January 26, 1989|MIKE WARD | Times Staff Writer

PASADENA — The political campaign lines were drawn this week on two slow-growth measures on the March 7 election ballot when the Chamber of Commerce declared its opposition to both, and ACT, a nonpartisan political action group, endorsed one and rejected the other.

ACT, which claims 600 members, endorsed the growth-limit initiative placed on the ballot by Pasadena Residents in Defense of our Environment (PRIDE) but rejected the rival interim growth measure drawn up by the city Board of Directors.

The chamber, which claims 1,500 members, declared that both ballot proposals would be counterproductive.

Don Pollard, chamber president, said limiting the amount of housing that can be built would drive housing prices up.

In addition, Pollard said, sharp restrictions on constructing office buildings and other projects would stunt job growth and make it more difficult for Pasadena residents to work near their homes.

Instead of trying to stop growth, Pollard said, the city should be aggressively dealing with such problems as traffic congestion and a shortage of affordable housing. He said the city should spend its housing funds to increase the housing supply instead of trying to limit it and should push for completion of the freeway system and development of rail transit.

Mayor William E. Thomson Jr. said the chamber is being short-sighted in opposing the city's interim growth management plan as well as the PRIDE initiative. He noted that the development controls in the city ballot measure have already been enacted and that the city is simply seeking endorsement of the course it is taking. He said defeat of both the PRIDE initiative and the city measure would put the city in a dilemma over future planning actions.

The PRIDE initiative and the city's ballot measure have a number of similarities, but the initiative would be in effect until the end of 1999, while the city measure is an interim plan that would remain in effect only for about 18 months, or until the city develops and obtains voter approval for a long-term plan.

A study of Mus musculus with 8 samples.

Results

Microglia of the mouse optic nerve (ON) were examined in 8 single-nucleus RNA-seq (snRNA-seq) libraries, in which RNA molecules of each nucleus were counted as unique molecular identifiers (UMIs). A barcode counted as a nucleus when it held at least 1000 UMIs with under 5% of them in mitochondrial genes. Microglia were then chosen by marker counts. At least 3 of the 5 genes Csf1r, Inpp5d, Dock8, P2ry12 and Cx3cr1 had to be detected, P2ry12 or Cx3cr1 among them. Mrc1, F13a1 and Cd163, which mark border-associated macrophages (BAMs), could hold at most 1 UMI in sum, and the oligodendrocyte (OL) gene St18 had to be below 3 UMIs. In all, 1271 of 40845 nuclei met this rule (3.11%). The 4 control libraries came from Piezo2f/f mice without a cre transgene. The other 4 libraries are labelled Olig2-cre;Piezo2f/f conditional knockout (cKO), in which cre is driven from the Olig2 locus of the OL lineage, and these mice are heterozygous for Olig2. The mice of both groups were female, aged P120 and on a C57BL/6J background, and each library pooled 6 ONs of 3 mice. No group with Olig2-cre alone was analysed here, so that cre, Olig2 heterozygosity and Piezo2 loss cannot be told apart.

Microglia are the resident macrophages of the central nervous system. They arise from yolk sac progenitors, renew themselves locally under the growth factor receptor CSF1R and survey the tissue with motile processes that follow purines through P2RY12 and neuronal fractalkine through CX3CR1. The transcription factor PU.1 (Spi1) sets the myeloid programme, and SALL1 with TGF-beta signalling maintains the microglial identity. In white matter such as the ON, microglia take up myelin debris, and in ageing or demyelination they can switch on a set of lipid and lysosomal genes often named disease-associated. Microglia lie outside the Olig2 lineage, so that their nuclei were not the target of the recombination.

Both the PRIDE initiative and the city measure limit the number of apartments and condominiums that could be built each year to 250 units. Both exempt single-family homes and affordable housing.

The PRIDE initiative limits the construction of offices and stores to 250,000 square feet a year but exempts projects smaller than 25,000 square feet. The city measure bans construction of large office buildings outside redevelopment areas and imposes other restrictions on commercial development.

Pollard said the city's measure "is more flexible and more workable than the PRIDE initiative" but unacceptable nonetheless. He said both measures impose radical growth limits.

While the chamber will not spend money to campaign against the ballot measures, Pollard said, many members will back the campaign efforts of a group called the ABC Committee, organized by Rick Phelps to fight both measures.

Phelps, who headed the city's Toward 2000 Committee, said the ABC Committee has already raised $1,800 and expects to draw support from both residents and the business community.

Thus far, there is no organized campaign for the city measure. Mayor Thomson, who is busy seeking reelection, and City Director Kathryn Nack, who spoke on behalf of the city measure at an ACT forum Tuesday, said they do not plan to organize a campaign themselves.

Michael Salazar, co-chairman of PRIDE, said his group hopes to raise $20,000 to push its initiative but expects to be outspent by developers. "It's absolutely critical that we raise that much," he said.

Salazar said claims that the PRIDE initiative would cause housing prices to soar are false. He said the PRIDE measure would not impose any limits on construction of affordable housing or single-family homes.

Salazar said PRIDE has never claimed that the measure would lower housing prices, but he contended that one of the pressures driving up the cost of housing in Pasadena is overdevelopment.

Pollard denied that development is hurting the city. "Our community is not out of control," he said. "Present planning tools are adequate. We have an excellent community to live and work in. The world is not going to hell in a hand basket."

Salazar said the endorsement by ACT members this week "gives tremendous credibility" to the PRIDE campaign and shows that there is little support for the city alternative.

Jeanette Mann, co-chairman of ACT, which has been involved in political issues in Pasadena since 1973, said the main benefit of the endorsement is that it provides access to ACT's valuable list of residents who regularly vote in local elections. She said ACT also may contribute money to candidates and issues it supports.